Friday 24 April 2009

Getting over the fear of the family

If and when someone with nothing better to do compiles the lexicon of the most (over) used phrases of the New Labour era, ‘hard-working families’ will feature pretty prominently. This symbolises more than a lack of imagination on the part of government speech writers; it is evidence of a significant political weakness that runs right across the left as a whole.

For the left finds it impossible to talk about ‘the family’. Children are fine, as are families plural, but not the singular family unit. In many ways this is understandable: the family is so steeped in the notion of a married husband and wife with 2.4 children that the left does not want to stigmatise or exclude the many people who, through choice or circumstance, do not fit into this fading traditional ideal. But the upshot of this is that the politically territory has been almost completely ceded to the right, who have no such quibbles trumpeting the primacy of the married nuclear family.

The problem, though, is that the concept of ‘the family’ holds a totemic power, which ‘hard working families’ doesn’t. It has an emotional resonance about love and nurture – as Tim Horton says in his essay in the spring edition of the Fabian Review – that the left’s position misses out on, and to its abiding cost.

The new Fabian Review, published today, tries to provide a way out of this. We need a new political narrative that is able to talk about ‘the family’ without having to use inverted commas; in a way that is sensitive to our diversity without leading to charges of being anti-family. So alongside Tim Horton explaining what this new message should look like, we have: Kitty Ussher and Ed Straw on the need for a more nuanced position on marriage; Mary Riddell interviewing Tory family policy guru Iain Duncan Smith; Barry Sheerman on schools; and Denis MacShane of the role of the Royal Family in all this...and much more besides.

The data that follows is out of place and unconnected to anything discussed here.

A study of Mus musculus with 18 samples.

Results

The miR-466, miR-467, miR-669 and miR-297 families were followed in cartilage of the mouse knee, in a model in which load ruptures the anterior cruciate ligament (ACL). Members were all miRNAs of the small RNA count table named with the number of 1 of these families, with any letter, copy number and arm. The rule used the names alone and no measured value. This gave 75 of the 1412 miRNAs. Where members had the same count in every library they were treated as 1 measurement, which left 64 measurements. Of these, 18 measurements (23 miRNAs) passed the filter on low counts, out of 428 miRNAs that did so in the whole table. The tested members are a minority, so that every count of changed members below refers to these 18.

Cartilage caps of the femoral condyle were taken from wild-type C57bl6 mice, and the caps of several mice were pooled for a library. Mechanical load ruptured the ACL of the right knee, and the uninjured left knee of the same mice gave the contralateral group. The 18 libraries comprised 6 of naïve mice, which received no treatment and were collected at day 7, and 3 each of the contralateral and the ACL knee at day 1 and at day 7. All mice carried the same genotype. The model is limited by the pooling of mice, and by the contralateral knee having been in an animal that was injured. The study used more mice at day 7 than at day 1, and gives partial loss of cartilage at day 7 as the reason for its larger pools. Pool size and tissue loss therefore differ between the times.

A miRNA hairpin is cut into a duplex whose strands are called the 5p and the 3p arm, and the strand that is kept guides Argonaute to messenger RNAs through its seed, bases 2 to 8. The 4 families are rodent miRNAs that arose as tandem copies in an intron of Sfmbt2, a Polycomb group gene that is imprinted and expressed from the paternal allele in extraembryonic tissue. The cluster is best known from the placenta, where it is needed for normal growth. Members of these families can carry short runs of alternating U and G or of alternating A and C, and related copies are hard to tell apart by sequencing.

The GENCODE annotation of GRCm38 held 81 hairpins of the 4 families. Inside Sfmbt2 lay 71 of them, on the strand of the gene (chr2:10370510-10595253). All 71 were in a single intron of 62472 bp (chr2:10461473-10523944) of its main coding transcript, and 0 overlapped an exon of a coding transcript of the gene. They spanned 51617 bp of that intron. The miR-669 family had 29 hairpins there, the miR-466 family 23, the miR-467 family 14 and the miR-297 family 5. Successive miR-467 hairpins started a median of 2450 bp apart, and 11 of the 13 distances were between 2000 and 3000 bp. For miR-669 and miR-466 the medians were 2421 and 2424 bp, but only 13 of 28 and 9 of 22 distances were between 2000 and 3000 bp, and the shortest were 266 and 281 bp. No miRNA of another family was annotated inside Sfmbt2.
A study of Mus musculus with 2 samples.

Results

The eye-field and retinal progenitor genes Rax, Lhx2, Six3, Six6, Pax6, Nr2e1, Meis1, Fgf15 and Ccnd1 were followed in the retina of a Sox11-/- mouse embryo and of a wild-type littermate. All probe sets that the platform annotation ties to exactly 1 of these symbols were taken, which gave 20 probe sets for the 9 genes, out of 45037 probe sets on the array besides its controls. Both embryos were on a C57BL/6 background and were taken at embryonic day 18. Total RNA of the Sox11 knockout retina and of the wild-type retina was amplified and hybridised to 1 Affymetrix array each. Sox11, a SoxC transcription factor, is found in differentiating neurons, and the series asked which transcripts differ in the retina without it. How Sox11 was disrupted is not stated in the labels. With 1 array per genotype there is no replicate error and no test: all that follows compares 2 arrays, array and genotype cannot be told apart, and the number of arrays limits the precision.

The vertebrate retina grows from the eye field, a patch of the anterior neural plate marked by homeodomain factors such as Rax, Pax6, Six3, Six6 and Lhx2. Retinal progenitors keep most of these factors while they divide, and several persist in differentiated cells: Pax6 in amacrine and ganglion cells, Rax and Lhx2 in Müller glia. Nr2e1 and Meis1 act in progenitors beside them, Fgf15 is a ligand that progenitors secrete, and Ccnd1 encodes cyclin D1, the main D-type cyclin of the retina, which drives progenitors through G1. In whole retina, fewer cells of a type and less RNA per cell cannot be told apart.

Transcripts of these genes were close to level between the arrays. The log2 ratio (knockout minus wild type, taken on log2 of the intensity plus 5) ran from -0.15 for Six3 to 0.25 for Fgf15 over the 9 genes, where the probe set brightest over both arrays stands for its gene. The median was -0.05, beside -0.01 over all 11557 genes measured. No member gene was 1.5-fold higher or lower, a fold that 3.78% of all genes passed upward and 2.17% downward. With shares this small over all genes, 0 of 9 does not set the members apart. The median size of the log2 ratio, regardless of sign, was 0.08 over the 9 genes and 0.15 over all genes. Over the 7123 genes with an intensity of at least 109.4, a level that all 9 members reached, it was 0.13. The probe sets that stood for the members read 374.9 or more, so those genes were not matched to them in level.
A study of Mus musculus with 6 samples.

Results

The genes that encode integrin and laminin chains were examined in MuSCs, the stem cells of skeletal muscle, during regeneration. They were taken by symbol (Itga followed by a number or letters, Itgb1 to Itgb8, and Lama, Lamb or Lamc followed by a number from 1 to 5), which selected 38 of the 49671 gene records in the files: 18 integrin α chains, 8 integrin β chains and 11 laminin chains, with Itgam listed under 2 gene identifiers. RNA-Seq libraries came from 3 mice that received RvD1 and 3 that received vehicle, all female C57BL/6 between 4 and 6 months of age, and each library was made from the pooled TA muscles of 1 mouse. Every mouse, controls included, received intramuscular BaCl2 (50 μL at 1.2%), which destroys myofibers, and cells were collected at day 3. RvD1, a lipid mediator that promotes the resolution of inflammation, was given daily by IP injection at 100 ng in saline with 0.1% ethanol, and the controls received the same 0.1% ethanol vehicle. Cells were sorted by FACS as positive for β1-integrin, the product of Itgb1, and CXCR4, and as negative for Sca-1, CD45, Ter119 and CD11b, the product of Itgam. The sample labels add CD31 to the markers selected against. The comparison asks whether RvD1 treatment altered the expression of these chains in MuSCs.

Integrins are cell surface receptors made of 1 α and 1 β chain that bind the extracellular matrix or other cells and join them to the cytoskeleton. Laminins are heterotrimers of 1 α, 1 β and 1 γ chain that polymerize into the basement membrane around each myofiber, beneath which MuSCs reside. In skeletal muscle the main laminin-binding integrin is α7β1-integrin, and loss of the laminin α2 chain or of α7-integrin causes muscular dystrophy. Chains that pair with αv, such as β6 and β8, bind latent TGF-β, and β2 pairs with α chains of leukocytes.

Read all about it.


Calix said...

Very interesting.

I guess one of the hang-ups with the word 'Family' for Labour is it was used so centrally by Thatcher in opposition to Society. You were either for one or for the other. Perhaps now 20 years later it is time to re-claim it and destroy that artificial opposition.

Zio Bastone said...

Lakoff, whom Tim Horton references but seems not to understand, tries to show (using CMT) that ‘politics’ is a target domain which you understand and talk about as though it were the source domain of ‘the family’. In creating a metaphor in this way you either map onto politics a ‘nurturant’ view of how one ought to behave or you go for something ‘stern’. In other words what Lakoff is attempting to demonstrate is how one thinks metaphorically about politics, NOT how one thinks politically about the family.

Calix references a much more relevant and useful opposition, that between ‘the family’ and ‘society’ within Thatcherism. That might want some teasing out.

Insofar as Thatcherism was not philosophically incoherent (ie to some extent) enterprising ‘individuals’ became the main conceptual primitive and ‘the family’ became the highest molecular unit. Thereafter things became molar, distributional. So at the level of public space the polity as an ‘imaginary institution’ (to misuse Castoriadis) more or less disappeared, leaving ‘society’ as a sort of pre-biotic soup in which all that really mattered was the number of wealthy good Samaritans per head of population, or something of that sort.

(Incidentally Ayckbourn’s 1987 play, A Small Family Business, nicely skewers some of the embarrassing conflicts between public morality, private greed and ‘the individual’ which this sort of thing threw up.)

So ‘the family’ has a history. And I can’t see that using ‘the new progressive politics of the family’ to ‘take on the right’s agenda’ amounts to very much more than stealing ‘education, education, education’ from Romano Prodi in 1997 or Obama’s dog whistle use of ‘change’ in 2009. It seems just tatterdemalion.

Or is this purely, as so often, about winning market share?

Zio Bastone said...

Re: my Ayckbourn reference, I meant (of course) 'the family', not 'the individual'.